Exclusive Details around practices’ issuing of Med3 statements for patients are to be extracted by the Government in a move described by GP leaders as amounting to ’state snooping’, Pulse has learnt.

The Department for Work and Pensions (DWP) will extract information from GP records, including the number of Med3s or so-called 'fit notes' issued by each practice and the number of patients recorded as ‘unfit’ or ‘maybe fit’ for work.

As part of the programme beginning next month, GPs will have to inform patients of the extraction, but cannot withhold information unless their patient explicitly objects.

These data will be published anonymously at CCG level, but DWP officials will have access to practice-level data - which they will not be able to pass on to other bodies.

GP experts criticised the decision to obtain practice-level rather than CCG-level data, and warned it could be used to create 'league tables' for practices and have a knock-on effect for other extraction programmes.

The 'fit notes' scheme allows GPs to refer patients who are in employment, but off sick to an occupational health service.

Under the extraction plans, the DWP said that ‘a small number of DWP analysts will have secure password access to the anonymous aggregated data at GP practice level.’

These data - which will be published by the Health and Social Care Information Centre from the spring - will include the duration of fit note, patient gender, type of health condition, their location and whether workplace adaptations were recommended.

The DWP said it will use the data to ‘help provide a better understanding of why people take sickness absence in different areas across the country, so we can make the service as effective as possible for businesses and employees’.

It told Pulse no practice-level information would be shared outside the department, with a spokesperson saying: ‘Only the Department for Work and Pensions will be able to access the data at GP practice level.'

GPs, as data controllers, will be required to tell patients in person, via notices in the practice and on the practice website of the impending extraction.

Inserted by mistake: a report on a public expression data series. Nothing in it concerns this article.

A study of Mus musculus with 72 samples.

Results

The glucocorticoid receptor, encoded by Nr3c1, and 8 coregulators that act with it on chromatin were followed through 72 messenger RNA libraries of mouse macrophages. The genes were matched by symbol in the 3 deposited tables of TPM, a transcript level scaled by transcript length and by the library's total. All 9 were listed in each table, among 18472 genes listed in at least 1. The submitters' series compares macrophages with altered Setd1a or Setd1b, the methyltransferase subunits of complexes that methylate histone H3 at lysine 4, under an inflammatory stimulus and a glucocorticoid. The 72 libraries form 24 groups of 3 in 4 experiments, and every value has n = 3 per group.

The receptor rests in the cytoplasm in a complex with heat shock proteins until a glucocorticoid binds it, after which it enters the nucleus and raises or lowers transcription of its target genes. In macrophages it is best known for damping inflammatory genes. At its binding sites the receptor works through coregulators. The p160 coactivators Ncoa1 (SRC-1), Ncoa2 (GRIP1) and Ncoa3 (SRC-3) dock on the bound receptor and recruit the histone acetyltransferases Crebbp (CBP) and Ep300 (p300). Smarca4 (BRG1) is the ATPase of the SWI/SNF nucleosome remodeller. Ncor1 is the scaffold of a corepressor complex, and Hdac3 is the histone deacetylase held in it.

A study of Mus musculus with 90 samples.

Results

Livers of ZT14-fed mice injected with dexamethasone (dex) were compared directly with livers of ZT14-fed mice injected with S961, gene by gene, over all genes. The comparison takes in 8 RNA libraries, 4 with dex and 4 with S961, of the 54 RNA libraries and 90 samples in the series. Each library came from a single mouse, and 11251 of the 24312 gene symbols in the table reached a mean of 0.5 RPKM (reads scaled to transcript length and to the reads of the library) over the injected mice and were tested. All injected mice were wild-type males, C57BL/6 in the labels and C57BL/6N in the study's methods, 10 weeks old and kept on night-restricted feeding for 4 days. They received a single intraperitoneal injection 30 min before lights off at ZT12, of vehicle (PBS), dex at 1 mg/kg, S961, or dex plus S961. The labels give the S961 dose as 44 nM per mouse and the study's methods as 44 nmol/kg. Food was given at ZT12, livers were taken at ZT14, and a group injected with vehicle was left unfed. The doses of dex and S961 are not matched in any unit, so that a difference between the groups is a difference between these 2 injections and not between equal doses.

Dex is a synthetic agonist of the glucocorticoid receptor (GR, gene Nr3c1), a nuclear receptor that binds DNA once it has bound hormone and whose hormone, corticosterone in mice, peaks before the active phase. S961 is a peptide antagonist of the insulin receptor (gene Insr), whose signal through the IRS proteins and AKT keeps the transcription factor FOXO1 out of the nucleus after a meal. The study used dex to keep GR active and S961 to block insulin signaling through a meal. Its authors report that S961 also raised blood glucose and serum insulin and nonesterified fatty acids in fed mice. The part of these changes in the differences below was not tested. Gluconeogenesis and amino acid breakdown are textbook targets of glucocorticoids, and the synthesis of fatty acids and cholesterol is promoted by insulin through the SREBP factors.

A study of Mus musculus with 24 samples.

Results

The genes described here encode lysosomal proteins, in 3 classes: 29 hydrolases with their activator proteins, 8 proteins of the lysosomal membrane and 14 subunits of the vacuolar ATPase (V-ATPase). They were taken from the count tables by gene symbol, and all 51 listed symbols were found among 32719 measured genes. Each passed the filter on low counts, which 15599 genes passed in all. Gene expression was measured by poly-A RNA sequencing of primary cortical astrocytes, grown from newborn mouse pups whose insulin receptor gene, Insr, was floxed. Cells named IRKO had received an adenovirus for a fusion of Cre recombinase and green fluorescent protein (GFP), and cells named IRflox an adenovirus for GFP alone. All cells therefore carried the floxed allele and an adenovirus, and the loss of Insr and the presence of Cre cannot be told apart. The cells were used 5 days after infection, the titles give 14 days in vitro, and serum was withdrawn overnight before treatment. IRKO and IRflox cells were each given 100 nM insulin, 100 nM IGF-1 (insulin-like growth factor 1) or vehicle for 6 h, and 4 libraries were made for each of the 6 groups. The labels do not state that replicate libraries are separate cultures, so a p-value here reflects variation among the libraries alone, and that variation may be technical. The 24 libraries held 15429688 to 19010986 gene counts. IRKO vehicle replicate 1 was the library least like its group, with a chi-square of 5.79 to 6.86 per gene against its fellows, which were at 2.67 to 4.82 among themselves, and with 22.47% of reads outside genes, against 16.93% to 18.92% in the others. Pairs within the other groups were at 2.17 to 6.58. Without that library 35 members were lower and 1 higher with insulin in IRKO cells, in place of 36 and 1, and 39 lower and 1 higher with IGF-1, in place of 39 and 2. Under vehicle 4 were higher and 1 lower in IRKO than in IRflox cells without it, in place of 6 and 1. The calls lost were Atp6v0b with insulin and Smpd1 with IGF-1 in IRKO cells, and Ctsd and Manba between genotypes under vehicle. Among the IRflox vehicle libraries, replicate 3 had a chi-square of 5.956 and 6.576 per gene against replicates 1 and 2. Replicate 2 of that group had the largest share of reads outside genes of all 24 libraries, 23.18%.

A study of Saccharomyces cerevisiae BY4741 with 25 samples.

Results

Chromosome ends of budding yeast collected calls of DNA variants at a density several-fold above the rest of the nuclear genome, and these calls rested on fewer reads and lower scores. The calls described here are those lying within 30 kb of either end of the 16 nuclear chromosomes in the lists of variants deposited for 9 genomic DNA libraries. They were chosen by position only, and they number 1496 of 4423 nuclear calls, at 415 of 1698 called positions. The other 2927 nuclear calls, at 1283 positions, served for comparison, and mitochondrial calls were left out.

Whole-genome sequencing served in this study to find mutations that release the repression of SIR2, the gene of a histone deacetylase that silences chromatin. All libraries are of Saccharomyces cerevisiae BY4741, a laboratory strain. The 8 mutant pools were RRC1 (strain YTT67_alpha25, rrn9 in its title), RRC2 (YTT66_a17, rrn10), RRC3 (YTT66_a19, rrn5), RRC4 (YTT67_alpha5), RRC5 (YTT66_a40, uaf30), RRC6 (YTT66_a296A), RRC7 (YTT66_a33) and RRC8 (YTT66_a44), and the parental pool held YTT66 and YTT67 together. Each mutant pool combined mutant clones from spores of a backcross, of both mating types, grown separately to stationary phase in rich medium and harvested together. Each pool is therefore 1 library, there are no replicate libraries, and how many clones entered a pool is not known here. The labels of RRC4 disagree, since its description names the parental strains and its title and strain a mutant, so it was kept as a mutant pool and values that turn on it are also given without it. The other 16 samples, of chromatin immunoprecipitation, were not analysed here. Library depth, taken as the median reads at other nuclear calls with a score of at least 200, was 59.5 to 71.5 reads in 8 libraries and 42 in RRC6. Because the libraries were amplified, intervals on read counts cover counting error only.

But GP leaders warned that the scheme is an invasion of privacy.

Family Doctor Association chair Dr Peter Swinyard said: ’I think that is state snooping. Although I am sure some civil servant thought it was a terrific idea somewhere, I am not entirely sure I agree. I don’t know if patients understand that when I write a fit note, some bureaucrat is going to be able to have a look at it.’

GP and data sharing campaigner Dr Neil Bhatia said he was ‘not sure why’ these practice-level data were required, ‘other than to compare practices, create league tables, name and shame’.

He also warned that the extraction could have ‘knock-on effects’ on other secondary use data extraction programmes, such as care.data and the National Diabetes Audit, if it prompts more patients to log 'type 1' objections to data unrelated to direct care being extracted.

Questioning how useful these data would be, he said: ‘I think it would be extremely difficult to make sense of the information out of context of the consultation.’

The GPC was consulted about the plans.

Deputy chair Dr Richard Vautrey said the DWP has ‘responded to the concerns that we raised, not least trying to reduce the workload pressures on GPs that this might create and producing a generic fair processing statement for practices to use’.

Why does the DWP want this data?

‘Fit notes’ form part of the Fit for Work scheme, under which GPs in England and Wales can refer employed patients that are likely to be off sick for four weeks or more to a free occupational health advice service helping them get back into work as quickly as possible. Employers can also refer employees to the service.

The Government’s evaluation of the scheme, rolled out just over a year ago, is still pending.

As reported by Pulse, GPs were unconvinced by the scheme before its launch, and also did not feel equipped for it.

Readers' comments (41)

  • So, an audit of sick note patterns across the country is "institutionalised violence against people who need our support and care".Are we surprised this sentiment comes from our correspondent in Islington?
    With 35 years experience in GP and Occupational Medicine I can assure Paul that long term sickness absence has serious adverse effects on health.We must ensure that we minister to our patients' needs and not their wants.